By John Masuku
Harare, December 03, 2013- The ongoing re-alignment of local laws into the new constitution presents an opportunity to further domesticate outstanding international norms and standards, an international law expert has said.
Tafadzwa Mugabe, an award winning international law expert told delegates who attended a conference on the theme “The Hague: Legal capital of the world”, organised by the Royal Netherlands Embassy in Zimbabwe to discuss how to effectively incorporate various international laws that law-based organisations must petition the Constitutional Court to press for the domestication of international laws.
“Because the new constitution creates a positive duty on the state to domesticate international law, it is the view taken here that there exists an opportunity for the Law Society and legal aid organisations and the general citizenry to approach the Constitutional Court demanding that international law standards be domesticated,” said Mugabe, a Harare-based legal practitioner and former board member of Radio VOP Communications Trust.
According to Virginia Mabhiza, the permanent secretary in the Ministry of Justice, Legal and Parliamentary Affairs, Zimbabwe has not yet localised many international standards and norms due to staff movements and fragmentation of duties among different ministries.
To this end Mabhiza in a speech read on her behalf by Mabel Msika, the director of policy and research in her ministry said an inter-ministerial taskforce was set up in order to speed up the process.
“By and large, international law has a great influence on the Constitution of Zimbabwe and our law. However, Zimbabwe is averse to submitting itself and its interface with international law to any type of outside adjudication. This much has been obvious in our very active role in the dismantling of the SADC Tribunal, our impunity towards decisions of the African Commission on Human and Peoples’ Rights, our reluctance to ratify the Protocol to the African Court and the refusal over the years to ratify the International Convention Against Torture,” said Mugabe, who is serving as one of the directors of the privately-owned Voxmedia Productions, which is seeking to obtain a radio broadcasting licence from the Broadcasting Authority of Zimbabwe.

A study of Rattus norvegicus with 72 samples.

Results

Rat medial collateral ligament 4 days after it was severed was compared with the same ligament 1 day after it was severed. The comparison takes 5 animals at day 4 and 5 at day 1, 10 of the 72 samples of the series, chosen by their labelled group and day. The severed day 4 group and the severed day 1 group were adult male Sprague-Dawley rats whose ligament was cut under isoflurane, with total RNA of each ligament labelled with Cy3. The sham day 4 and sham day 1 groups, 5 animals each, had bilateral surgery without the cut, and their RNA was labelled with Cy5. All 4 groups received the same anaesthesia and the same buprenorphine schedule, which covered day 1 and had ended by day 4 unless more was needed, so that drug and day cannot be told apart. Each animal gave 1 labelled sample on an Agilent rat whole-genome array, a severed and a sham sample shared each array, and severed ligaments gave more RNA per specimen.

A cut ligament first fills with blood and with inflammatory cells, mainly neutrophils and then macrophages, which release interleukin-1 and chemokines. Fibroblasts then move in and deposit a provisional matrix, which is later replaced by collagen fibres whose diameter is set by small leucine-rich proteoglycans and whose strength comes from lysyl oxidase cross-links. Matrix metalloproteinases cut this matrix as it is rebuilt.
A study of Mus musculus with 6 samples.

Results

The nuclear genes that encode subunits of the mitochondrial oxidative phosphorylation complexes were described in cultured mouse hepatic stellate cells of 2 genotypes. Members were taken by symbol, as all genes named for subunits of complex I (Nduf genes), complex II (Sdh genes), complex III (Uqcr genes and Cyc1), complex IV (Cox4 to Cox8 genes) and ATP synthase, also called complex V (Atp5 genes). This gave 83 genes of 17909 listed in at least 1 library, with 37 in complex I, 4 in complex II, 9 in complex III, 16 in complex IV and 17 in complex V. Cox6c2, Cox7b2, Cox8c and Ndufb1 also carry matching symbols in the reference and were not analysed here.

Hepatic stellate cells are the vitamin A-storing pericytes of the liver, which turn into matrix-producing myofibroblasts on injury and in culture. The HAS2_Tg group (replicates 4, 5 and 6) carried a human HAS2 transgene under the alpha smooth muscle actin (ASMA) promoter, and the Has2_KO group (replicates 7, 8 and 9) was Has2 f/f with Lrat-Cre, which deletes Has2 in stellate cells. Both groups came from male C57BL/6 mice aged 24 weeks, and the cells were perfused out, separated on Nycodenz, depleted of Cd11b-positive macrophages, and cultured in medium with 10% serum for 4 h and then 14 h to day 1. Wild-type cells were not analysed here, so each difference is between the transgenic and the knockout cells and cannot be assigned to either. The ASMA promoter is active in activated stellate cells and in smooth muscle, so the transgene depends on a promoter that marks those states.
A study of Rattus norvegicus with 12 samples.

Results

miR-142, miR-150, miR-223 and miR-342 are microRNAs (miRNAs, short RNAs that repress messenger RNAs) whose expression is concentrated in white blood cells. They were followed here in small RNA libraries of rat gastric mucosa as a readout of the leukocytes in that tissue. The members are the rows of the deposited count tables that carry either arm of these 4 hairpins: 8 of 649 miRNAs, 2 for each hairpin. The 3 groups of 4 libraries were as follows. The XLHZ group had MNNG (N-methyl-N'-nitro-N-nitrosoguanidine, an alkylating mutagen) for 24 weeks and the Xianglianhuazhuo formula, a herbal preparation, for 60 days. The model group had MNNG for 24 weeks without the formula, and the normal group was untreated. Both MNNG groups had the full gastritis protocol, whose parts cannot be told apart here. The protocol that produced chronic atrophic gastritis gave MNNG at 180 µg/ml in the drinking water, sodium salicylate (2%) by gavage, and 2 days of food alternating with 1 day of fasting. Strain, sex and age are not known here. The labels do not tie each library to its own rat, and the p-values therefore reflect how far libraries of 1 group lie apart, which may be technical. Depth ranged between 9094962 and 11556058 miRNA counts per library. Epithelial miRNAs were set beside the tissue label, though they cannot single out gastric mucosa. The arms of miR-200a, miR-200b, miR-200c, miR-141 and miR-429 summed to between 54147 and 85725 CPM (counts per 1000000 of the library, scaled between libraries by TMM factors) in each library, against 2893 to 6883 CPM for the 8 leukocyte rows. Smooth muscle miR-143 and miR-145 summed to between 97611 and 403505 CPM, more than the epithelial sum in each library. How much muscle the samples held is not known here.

David Drury, who represented many displaced white Zimbabwean farmers in their legal challenges for over a decade concurred by citing recent rulings by South African courts which granted the investigation of cases of torture and other human rights violations during the 2008 run-off elections in Zimbabwe.
The Netherlands ambassador to Zimbabwe, Gera Sneller said her country’s constitution states explicitly that government must promote the international legal order and hence the Hague is known as the legal capital of the world.
Many international legal institutions, including the International Court of Justice (ICJ) and the International Criminal Court (ICC) are based in the Hague.